This Is How Operation Downfall, America's Plan to Invade Imperial Japan, Would Have Gone

Michael Peck

Key point: The invasion would have been so violent and costly that many on all both sides would have died.

One of the most controversial decisions in history was President Harry Truman's decision to drop atomic bombs on Hiroshima and Nagasaki in August 1945.

Some argue that Truman was haunted by estimates that Operation Downfall -- the proposed invasion of Japan in 1945 -- would cost a million American casualties. Others say that Japan was starving and exhausted, the casualty estimates were exaggerated, and that Truman had ulterior motives for dropping the Bomb, namely intimidating the Soviet Union with a display of America's technological might.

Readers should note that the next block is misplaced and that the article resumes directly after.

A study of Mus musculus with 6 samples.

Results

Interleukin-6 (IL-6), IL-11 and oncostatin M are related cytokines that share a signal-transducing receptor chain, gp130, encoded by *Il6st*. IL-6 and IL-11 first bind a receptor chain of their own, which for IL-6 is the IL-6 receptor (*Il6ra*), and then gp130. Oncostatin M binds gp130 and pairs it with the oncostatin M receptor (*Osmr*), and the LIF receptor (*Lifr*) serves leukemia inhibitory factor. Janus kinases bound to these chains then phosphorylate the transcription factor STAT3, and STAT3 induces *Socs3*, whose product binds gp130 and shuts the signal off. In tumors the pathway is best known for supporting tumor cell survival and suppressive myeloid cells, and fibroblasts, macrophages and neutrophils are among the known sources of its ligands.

Like any counterfactual, there can never be any definitive proof of the outcome of a hypothetical invasion of Japan. But we can make a few reasonable assumptions.

First, we can take a good guess what an amphibious assault on Japan in November or December 1945 would have been like. Fresh in American minds would have been Operation Iceberg, the April 1945 assault on the island of Okinawa, 400 miles from the Japanese mainland and politically a part of Japan proper. Rather than suicidal banzai charges in the face of American firepower, the Japanese changed tactics: they retreated to fortified lines and caves in the Okinawan interior, where they fought  for three months and almost to the last man. Meanwhile, wave after wave of kamikaze aircraft dove on U.S. and British Commonwealth ships (even the super-battleship Yamato made a suicide sortie). The result was more than 50,000 U.S. casualties, a quarter-million Japanese military and civilian dead, and more than 400 Allied ships sunk or damaged.